Clinical & Experimental Cardiology

Clinical & Experimental Cardiology
Open Access

ISSN: 2155-9880

+44 1300 500008

Short Commentary - (2016) Volume 7, Issue 10

Artificial Intelligence for the Interpretation of Coronary Computed Tomography Angiography: Can Machine Learning Improve Diagnostic Performance?

Daisuke Utsunomiya*, Takeshi Nakaura and Seitaro Oda
Diagnostic Radiology, Faculty of Life Sciences, Kumamoto, Japan
*Corresponding Author: Daisuke Utsunomiya, Diagnostic Radiology, Kumamoto University, 1-1-1, Honjo, Chuo-ku, Kumamoto, Kumamoto, Japan, Tel: 81-96-373-5261 Email:

Abstract

Recent development of artificial intelligence (AI) and machine learning system has a potential to improve the clinical diagnosis of coronary artery disease. Coronary computed tomography angiography (CCTA) provides important information of coronary arteries: i.e., stenosis severity, lesion length, plaque attenuation, and degree of calcium deposition. However, the comprehensive analysis of these factors may be difficult. We analyzed patient characteristics and CCTA findings of 56 patients. We used AI (a random forest) to identify the ischemia-related lesions, and compare the diagnostic performance of a random forest and a logistic regression analysis. By the analysis of a random forest, the area under the curve was increased from 0.89 (a logistic regression analysis) to 0.95 (a random forest). Machine learning models can be helpful for the interpretation of CCTA for detecting ischemia-related coronary lesions.

Keywords: multidetector, artificial intelligence

Short Commentary

In July 2011, we reported the coronary CT angiography (CCTA) imaging features of ischemia-related coronary plaques in patients with stable angina on 64-row multidetector CT [1]. We used the univariate and multivariate logistic regression analysis to identify which clinical characteristics and CT imaging findings were useful to differentiate ischemia-related lesions from nonischemia-relate lesions. Our results had shown the following findings: 1) by a univariate analysis, severity of stenosis, lesion length, CT attenuation value and calcium deposition were significantly associated with ischemia-related plaque; 2) by a multivariate analysis, severity of stenosis and lesion length were significantly associated with ischemia-related plaques.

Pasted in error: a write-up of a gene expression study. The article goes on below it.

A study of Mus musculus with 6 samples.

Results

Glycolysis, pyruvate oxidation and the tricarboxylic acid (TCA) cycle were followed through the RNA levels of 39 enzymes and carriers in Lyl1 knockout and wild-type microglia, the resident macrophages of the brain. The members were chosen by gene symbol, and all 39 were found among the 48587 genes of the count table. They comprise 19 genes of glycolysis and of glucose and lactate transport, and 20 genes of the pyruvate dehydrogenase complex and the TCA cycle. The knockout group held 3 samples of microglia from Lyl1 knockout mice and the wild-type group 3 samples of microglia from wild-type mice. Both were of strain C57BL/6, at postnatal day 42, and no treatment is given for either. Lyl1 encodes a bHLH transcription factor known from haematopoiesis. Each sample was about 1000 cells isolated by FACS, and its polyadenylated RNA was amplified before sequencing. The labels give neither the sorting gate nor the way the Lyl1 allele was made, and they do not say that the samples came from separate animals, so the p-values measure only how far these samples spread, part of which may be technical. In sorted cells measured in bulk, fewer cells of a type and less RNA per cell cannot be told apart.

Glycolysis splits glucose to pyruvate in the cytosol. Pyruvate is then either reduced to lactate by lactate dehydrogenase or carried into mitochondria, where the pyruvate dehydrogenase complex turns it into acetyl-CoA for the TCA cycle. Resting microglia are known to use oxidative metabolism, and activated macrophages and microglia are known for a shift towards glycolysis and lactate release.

Machine learning, a branch of artificial intelligence, has been recently developed. A random forest is one of the machine learning models using decision tree approach. A random forest can predict the risk of the disease from the various clinical- and imaging data. Whereas a logistic regression analysis cannot handle non-linear data well, a random forest can learn non-linear relationships in the data and deal with both continuous and categorical data. Also, it can be performed by using widely used statistical software R [2]. We reevaluated the role of CCTA by using a random forest from the same data (clinical characteristics and CT findings). By the analysis of a random forest, the area under the curve was increased from 0.89 (a logistic regression analysis, Figure 1) to 0.95 (a random forest, Figure 2). Partial dependence plots show non-linear influence of the variables on accurate identification of ischemia-related lesions (Figure 3). Machine learning models can be a helpful tool for the interpretation of CCTA for detecting ischemia-related coronary lesions.

clinical-experimental-cardiology-Diagnostic-performance-CCTA

Figure 1: Diagnostic performance of CCTA by a logistic regression analysis for detecting ischemia-related lesion.

clinical-experimental-cardiology-ischemia-related-lesion

Figure 2: Diagnostic performance of CCTA by a random forest (machine learning) for detecting ischemia-related lesion.

clinical-experimental-cardiology-Partial-dependence-plots

Figure 3: Partial dependence plots of the degree of stenosis and lesion length. The influence of the degree of stenosis increases in the range of 50 to 70% stenosis, but it does not change with >70% stenosis. The influence of the lesion length increases in the range of 10 to 14 mm, but the influence does not change with >14 mm lesion length.

References

  1. Utsunomiya D, Fukunaga T, Oda S, Awai K, Nakaura T et al. (2011) Multidetector computed tomography evaluation of coronary plaque morphology in patients with stable angina. Heart Vessels 26: 392-398.
Citation: Utsunomiya D, Nakaura T, Oda S (2016) Artificial Intelligence for the Interpretation of Coronary Computed Tomography Angiography: Can Machine Learning Improve Diagnostic Performance?. J Clin Exp Cardiolog 7:473.

Copyright: © 2016 Utsunomiya D, et al. This is an open-access article distributed under the terms of the Creative Commons Attribution License, which permits unrestricted use, distribution, and reproduction in any medium, provided the original author and source are credited.